Hundreds sign petition against Portsmouth funeral home bid

PROTEST Residents are objecting to a Southern Co-Operative funeral offices in Tangier Road Copnor being converted to have its use changed to allow it also to become a chapel of rest.  Picture: Malcolm Wells (120142-5938)
PROTEST Residents are objecting to a Southern Co-Operative funeral offices in Tangier Road Copnor being converted to have its use changed to allow it also to become a chapel of rest. Picture: Malcolm Wells (120142-5938)
Unite the trade union holding a universal credit protest on the doorstep of Portsmouth North MP Penny Mordaunt's constituency office on November 10. Picture: Habibur Rahman


Homeowners in Tangier Road, Copnor, are unhappy with The Southern Co-operative’s plan to convert its existing funeralcare offices opposite The Tangier pub into a chapel of rest where bodies can be viewed and stored before funerals.

The office already sells coffins and arrangements are made there with people to have their loved ones buried or cremated.

Residents have put up ‘Stop dead bodies coming to Tangier Road’ posters in their windows and a petition has been gathered with 300 signatures.

Lesley Wood, 64, who lives next to The Co-op funeralcare office, said: ‘I don’t want my grandchildren looking at dead bodies.

‘Everyone is up in arms. We put up the posters because the plans are not right.

‘There will be more traffic and the presence of a funeral home is going to lower the value of properties in the street.’

The council’s planning committee rejected The Co-op’s initial application for the office to become a parlour at a public meeting in November because of the high number of complaints from residents.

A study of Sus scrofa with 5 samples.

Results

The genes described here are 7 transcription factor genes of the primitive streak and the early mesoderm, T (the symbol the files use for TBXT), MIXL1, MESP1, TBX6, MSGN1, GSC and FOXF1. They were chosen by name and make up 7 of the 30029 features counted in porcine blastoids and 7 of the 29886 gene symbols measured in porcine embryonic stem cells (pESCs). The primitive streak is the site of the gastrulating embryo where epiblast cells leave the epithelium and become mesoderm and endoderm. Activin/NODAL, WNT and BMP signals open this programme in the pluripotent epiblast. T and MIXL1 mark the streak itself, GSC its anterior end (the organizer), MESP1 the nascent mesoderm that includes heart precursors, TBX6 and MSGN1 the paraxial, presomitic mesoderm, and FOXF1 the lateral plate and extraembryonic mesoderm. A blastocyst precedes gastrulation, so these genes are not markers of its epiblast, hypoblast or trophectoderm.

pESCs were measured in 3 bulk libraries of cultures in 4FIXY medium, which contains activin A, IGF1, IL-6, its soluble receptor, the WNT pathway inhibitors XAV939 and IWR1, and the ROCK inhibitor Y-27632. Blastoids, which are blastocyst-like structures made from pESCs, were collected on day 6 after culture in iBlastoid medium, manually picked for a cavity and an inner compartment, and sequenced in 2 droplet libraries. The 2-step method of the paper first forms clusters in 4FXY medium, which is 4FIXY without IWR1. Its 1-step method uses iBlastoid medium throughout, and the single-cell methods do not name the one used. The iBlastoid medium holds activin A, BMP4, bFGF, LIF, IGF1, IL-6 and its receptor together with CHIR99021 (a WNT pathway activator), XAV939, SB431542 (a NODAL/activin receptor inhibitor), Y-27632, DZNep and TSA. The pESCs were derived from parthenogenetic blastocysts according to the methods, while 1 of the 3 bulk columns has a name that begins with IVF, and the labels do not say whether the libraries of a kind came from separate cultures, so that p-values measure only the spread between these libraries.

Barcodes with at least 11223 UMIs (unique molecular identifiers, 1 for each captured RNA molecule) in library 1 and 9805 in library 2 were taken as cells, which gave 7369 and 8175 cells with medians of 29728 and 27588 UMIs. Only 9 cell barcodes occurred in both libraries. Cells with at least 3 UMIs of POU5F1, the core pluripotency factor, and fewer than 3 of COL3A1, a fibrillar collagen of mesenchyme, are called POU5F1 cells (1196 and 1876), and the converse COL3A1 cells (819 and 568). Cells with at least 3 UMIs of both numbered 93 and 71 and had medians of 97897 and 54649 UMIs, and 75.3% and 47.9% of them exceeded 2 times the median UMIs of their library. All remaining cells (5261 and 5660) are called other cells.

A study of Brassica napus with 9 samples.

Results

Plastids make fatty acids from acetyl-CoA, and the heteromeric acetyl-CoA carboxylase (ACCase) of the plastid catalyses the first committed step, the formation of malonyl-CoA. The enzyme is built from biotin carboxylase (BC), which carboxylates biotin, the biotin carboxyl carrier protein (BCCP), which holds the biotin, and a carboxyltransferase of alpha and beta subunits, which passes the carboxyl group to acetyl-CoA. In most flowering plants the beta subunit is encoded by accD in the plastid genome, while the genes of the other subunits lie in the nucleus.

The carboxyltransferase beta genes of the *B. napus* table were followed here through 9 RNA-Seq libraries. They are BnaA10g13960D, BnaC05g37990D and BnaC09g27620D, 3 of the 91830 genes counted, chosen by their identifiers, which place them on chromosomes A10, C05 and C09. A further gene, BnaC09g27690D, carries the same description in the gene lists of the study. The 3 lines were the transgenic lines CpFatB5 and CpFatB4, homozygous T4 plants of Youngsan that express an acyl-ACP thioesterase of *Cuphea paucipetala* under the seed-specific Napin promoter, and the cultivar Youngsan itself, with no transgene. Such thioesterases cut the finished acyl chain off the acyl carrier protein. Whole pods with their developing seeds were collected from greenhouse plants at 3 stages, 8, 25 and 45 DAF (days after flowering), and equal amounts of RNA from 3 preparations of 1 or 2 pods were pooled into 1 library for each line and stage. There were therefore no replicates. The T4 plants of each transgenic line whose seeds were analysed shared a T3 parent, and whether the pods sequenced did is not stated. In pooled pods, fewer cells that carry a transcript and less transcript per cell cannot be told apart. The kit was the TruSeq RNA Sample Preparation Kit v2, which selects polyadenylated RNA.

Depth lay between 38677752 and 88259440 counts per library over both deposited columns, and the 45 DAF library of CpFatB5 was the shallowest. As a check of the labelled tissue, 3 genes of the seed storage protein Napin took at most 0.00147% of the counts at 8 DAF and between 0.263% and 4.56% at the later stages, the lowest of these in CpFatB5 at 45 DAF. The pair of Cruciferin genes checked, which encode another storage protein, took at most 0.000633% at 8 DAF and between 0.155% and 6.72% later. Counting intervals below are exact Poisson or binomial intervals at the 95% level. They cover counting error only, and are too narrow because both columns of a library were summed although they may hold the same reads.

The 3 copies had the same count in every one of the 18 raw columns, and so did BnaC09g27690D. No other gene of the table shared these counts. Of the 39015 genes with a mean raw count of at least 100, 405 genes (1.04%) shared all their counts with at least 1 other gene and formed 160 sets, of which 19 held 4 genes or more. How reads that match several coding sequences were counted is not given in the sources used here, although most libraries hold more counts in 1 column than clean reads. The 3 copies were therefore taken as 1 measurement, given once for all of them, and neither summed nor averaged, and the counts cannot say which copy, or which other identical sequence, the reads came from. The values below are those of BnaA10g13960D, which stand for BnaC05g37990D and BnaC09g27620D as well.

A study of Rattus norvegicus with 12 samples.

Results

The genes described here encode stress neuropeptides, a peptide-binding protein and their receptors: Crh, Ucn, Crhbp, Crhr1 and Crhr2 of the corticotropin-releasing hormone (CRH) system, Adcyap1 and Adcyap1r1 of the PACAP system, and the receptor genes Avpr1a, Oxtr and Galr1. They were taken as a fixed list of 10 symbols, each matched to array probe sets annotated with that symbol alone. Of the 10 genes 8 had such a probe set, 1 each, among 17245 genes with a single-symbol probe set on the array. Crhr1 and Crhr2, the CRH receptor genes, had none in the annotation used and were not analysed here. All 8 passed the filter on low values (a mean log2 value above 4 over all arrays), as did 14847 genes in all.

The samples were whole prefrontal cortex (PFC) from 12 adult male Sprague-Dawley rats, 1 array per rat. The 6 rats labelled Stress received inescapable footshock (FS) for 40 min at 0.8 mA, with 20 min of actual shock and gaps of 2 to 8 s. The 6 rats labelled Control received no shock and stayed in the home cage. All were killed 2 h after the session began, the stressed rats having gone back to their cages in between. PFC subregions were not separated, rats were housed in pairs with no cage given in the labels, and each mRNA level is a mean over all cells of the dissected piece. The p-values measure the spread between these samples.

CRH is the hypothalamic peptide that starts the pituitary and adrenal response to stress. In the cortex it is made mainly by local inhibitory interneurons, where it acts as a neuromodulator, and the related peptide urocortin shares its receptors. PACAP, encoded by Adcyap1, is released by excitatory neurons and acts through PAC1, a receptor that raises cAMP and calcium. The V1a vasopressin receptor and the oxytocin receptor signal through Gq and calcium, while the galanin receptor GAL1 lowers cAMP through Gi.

Now The Co-op will appeal the decision at another meeting with residents and committee members on February 1.

Julie Coleman, 50, of Tangier Road, said: ‘We’ve been told that we won’t see any bodies being put in the parlour because they’ll be covered by a white cloth.

‘Unless they use invisibility jackets we’ll be able to see everything. I’m totally disgusted by the plans. It doesn’t fit in with our community.’

Graham Lymn, head of operations for The Southern Co-operative End of Life Services said: ‘Our objective is to provide a facility where friends and relatives can have the option of paying their last respects.

‘Bereavement is always a traumatic time for loved ones and it’s our duty to ensure that everything is done to make things as uncomplicated as possible for them.

‘The arrival and departure of the deceased would be in a discreet private ambulance.’

Residents have until Friday, January 27 to make their objections ahead of the meeting.